The Dialogue: Commenters debate snowboarders and blindspots
December 2, 2015
Editor's note: Conversations in The Dialogue are pulled from Summit Daily's Facebook comment threads and website comment sections.
Reader Joe Hahn recently wrote a letter to the Summit Daily offering his take on the ongoing dispute over Alta Ski Area's long-standing ban of snowboarders. He voiced his support of the Utah hill's claims that snowboarders have a natural blindspot that makes them inherently dangerous. Summit Daily readers reacted to the letters with both support and opposition.
Tom Clancy: As a professional ski instructor at Breckenridge for 15 years and having been run into by an uphill rider (snowboarder) many times over the years when the boarder was making a heel side turn I can say that Joe is absolutely right. The whole problem would be much better if snowboarders just acknowledged their blind side and behaved accordingly instead of always blaming the downhill person saying, "You turned in from of me", "You were in my way" or "You were on my side of the trail, dude", all of which were said after I was run down by a reckless boarders many times. Behavior is the bigger issue more than the blind side issue.
Drew Reges: Joe has a silly idea of how snowboarding works. The board isn't locked perpendicular to the fall line at all times. I have this funny image in my head of someone going down the hill in a snowboard, unable to point the nose in any direction besides straight down. I don't think I could even manipulate a snowboard in that fashion; the nose would always want to orient toward the direction I was headed.
Like any sport, keep your head on a swivel and read your surroundings. I find it hard to believe that Alta has some divine insight that the rest of the world has failed to grasp. They should get with the times and not openly discriminate. This very logic about perceived safety concerns may as well extend to any skier or rider with physical limitations. When will we provide mandatory physicals for resort usage? Shall we ban DSUSA on these grounds?
Jeremiah Altfater: Instead of worrying about a blind spot how about focusing attention on inexperienced skiers/snowboarders riding on terrain far beyond their abilities, putting others at risk. A blindspot doesn't effect people who know how to turn. We are constantly aware of our surroundings.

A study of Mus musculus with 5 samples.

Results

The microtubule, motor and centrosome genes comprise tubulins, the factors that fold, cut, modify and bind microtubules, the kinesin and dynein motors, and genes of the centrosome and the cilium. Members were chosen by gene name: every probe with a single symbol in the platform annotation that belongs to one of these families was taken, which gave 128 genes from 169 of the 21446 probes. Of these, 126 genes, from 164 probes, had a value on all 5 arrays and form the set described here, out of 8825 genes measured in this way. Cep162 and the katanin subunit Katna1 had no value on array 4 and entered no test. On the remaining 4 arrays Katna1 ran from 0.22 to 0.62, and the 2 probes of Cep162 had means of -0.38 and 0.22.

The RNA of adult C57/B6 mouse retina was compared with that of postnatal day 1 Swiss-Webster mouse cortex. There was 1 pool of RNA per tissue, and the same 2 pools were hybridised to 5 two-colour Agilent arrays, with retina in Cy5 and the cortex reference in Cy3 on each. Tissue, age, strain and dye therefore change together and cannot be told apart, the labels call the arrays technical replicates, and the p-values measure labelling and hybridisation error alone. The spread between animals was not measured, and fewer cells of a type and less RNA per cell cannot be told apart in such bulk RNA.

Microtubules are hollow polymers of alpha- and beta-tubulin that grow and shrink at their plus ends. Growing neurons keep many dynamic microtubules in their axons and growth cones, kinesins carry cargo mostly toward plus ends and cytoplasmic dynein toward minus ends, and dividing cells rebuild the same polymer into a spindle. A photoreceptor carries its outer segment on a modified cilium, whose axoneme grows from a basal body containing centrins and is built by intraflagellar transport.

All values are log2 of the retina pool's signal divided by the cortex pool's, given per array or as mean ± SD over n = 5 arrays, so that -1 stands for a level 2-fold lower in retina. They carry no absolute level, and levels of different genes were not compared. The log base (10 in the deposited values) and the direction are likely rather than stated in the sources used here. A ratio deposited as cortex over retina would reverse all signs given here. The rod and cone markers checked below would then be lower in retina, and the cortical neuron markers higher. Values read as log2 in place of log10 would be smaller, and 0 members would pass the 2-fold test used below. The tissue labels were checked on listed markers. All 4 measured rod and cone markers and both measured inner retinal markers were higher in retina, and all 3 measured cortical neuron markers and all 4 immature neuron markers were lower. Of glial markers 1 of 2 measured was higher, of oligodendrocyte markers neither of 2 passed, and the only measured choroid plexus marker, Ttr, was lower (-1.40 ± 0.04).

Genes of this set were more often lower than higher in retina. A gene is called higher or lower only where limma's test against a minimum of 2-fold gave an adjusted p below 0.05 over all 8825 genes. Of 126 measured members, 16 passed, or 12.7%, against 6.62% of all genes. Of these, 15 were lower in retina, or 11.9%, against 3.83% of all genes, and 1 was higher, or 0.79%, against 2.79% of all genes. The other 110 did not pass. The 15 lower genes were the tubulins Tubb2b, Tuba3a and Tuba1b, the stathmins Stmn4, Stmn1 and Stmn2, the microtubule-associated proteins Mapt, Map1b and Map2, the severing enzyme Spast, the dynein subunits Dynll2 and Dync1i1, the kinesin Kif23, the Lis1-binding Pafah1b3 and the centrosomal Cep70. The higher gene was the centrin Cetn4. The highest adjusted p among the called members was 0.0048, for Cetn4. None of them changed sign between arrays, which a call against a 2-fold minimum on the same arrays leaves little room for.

Graham Pritchett, of Dillon, wrote his response in a letter to the editor: Joe Hahn's assertion can be easily refuted by clarifying a single detail in the car scenario.
Anybody (who) is having trouble with the example used by Hahn need only to sit in the front seat of their car side-saddle and then rotate your upper body, so you are looking forward as a horseback rider would, you are now seeing the perspective of a snowboarder. The problem is that Joe's description does not explain the last part about turning your upper body, instead opting to treat the human body as a rigid form with shoulders locked in the same direction as the knees.
This issue has nothing to do with snowboards, skis or mythical blind spots. All riders with two eyes have the same field of view, oriented based on the position of their head and shoulders. I do not find one-eyed riders, blind riders, skiers or snowboarders to pose a noticeable threat when everybody is keeping their head on a swivel.
What really seems to cause accidents with snowboarders and skiers alike is riding without being aware of what is going on around you. I see plenty of skiers forget to check left or right when cutting wide across a run, does that mean they have a blind spot? Only when you keep your head in a fixed position do you have a massive blind spot to the rear, left and right. However, your head and upper body do indeed rotate to a degree as needed.
Consult a medical professional if you are having trouble with range of motion, consult a snowboarding instructor if you are having trouble understanding how to ride a snowboard.